Photo by Candice Pauley, courtesy of Cane River National Heritage Area

The Maison de Marie Thérèse, an excellent example of a Creole-style cottage, is associated with one of the main families of the Cane River Creole community—the descendants of Marie Thérèse Coincoin. It contains five rooms and, like many cottages of the time, is raised off the ground on piers. The home has a peculiar roof design that was antiquated half a century before the house was built and is very rare in the United States. Marie Thérèse Coincoin was born an African slave in the household of Natchitoches’s founder, Louis Juchereau de St. Denis, around 1740. St. Denis died two years later, and Marie Thérèse continued to serve his family. During her service to St. Denis’s daughter, Marie Thérèse was leased out to a young French soldier named Claude Thomas Pierre Metoyer. The two entered into a long-term liaison that produced ten children, seven of whom survived to adulthood. Metoyer later purchased Marie Thérèse. Eight years later, he freed her when their relationship came to an end with his marriage to a French woman in 1786. All of their children together were also freed. Metoyer gave Marie Thérèse a yearly allowance and a parcel of land at Cedar Bend, upon which the Maison de Marie Thérèse now stands.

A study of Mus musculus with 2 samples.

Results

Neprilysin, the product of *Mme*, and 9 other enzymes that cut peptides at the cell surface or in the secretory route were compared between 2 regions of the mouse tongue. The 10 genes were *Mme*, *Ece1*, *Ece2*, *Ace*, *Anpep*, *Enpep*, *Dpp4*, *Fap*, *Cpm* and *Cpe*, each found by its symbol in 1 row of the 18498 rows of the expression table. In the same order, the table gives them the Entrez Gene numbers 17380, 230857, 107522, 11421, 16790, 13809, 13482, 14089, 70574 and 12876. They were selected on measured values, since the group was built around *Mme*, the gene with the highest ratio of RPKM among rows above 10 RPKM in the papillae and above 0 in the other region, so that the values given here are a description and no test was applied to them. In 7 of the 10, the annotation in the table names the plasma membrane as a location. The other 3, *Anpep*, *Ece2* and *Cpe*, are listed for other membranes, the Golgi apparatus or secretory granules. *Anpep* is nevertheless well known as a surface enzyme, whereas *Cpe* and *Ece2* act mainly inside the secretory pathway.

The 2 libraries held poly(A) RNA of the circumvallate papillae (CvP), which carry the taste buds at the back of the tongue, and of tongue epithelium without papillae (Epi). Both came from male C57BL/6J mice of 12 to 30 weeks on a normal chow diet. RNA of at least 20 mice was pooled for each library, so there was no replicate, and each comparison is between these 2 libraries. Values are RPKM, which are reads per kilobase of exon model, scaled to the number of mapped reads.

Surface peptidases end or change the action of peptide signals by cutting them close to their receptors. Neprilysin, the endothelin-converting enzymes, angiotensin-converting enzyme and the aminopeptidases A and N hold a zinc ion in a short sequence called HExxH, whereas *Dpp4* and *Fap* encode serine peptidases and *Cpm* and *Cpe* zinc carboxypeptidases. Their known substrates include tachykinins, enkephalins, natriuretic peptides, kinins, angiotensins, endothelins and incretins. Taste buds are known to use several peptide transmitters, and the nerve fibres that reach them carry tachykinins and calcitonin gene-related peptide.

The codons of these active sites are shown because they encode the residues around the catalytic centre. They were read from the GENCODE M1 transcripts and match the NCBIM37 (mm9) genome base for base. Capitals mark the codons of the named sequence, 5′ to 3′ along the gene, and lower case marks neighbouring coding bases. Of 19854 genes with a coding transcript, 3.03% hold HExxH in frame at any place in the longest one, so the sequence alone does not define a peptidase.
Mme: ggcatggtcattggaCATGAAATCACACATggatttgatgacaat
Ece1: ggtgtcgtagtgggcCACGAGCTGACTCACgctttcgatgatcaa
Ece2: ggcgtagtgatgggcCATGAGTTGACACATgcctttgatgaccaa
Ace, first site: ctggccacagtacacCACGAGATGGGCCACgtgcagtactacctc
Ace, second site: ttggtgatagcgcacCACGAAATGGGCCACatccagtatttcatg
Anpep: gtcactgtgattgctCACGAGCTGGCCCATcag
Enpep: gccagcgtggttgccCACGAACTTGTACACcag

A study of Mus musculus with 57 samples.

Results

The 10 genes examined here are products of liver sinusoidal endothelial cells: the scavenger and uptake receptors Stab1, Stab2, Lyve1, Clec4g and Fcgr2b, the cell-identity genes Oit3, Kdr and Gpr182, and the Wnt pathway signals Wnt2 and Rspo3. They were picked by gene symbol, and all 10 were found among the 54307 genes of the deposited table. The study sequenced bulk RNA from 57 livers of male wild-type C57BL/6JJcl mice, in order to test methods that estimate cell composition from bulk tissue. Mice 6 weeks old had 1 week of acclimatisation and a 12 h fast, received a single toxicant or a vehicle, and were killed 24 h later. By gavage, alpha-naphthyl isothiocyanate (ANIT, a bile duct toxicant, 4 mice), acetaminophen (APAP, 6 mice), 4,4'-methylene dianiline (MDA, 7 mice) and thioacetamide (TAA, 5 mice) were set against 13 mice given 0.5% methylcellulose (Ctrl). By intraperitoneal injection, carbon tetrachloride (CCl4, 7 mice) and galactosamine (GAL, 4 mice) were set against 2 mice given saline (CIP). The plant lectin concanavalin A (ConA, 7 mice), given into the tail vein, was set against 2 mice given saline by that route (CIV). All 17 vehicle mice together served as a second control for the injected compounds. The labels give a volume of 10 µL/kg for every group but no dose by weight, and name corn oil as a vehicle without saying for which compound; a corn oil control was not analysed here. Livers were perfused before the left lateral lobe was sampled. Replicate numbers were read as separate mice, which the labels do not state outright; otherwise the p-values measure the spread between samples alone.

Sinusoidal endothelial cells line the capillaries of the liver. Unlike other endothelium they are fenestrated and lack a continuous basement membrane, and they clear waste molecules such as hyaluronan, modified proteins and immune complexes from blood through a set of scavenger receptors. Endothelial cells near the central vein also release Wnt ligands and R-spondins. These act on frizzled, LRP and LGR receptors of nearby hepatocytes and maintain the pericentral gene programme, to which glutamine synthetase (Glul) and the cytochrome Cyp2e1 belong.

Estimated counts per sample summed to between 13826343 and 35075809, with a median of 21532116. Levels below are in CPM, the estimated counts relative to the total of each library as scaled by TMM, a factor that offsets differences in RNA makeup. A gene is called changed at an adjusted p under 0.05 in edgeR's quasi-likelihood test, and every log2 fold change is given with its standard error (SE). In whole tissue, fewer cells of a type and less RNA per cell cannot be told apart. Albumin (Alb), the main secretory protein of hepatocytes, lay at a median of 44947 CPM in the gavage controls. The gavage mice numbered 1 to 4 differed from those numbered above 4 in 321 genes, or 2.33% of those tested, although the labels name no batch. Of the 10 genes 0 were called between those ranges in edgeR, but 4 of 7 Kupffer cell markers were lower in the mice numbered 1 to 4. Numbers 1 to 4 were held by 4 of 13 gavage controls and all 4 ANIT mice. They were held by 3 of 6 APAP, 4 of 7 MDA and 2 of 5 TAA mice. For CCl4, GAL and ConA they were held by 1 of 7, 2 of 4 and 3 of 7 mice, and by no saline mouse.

[photo] This home was likely built after the death of Marie Thérèse Coincoin
Photo by Candice Pauley, courtesy of Cane River National Heritage Area

Marie Thérèse began cultivating tobacco on her small plantation, and within a few years she was earning a large profit. She and her descendants formed one of the main branches of the Cane River Creole community. Local tradition holds that the Maison de Marie Thérèse is the house where Coincoin lived while she was managing her plantation. However, recent archaeological and architectural research has suggested that the current building could not have been built before her death. The current building likely was built by the Prudhomme family who owned the adjoining plantation. Although Marie Thérèse probably never lived in the home, it is still an important building because it is linked to her plantation in community tradition, if not actually in fact. The studies are by the University College London and the National Park Service's National Center for Preservation Technology & Training.

The Maison de Marie Thérèse is located one mile northwest of Bermuda. It is privately owned and not open for tours. The Maison de Marie Thérèse has also been documented by the Historic American Buildings Survey. For more information on the archeological studies of this area you can visit University College London's study or the National Park Service's National Center for Preservation Technology & Training study.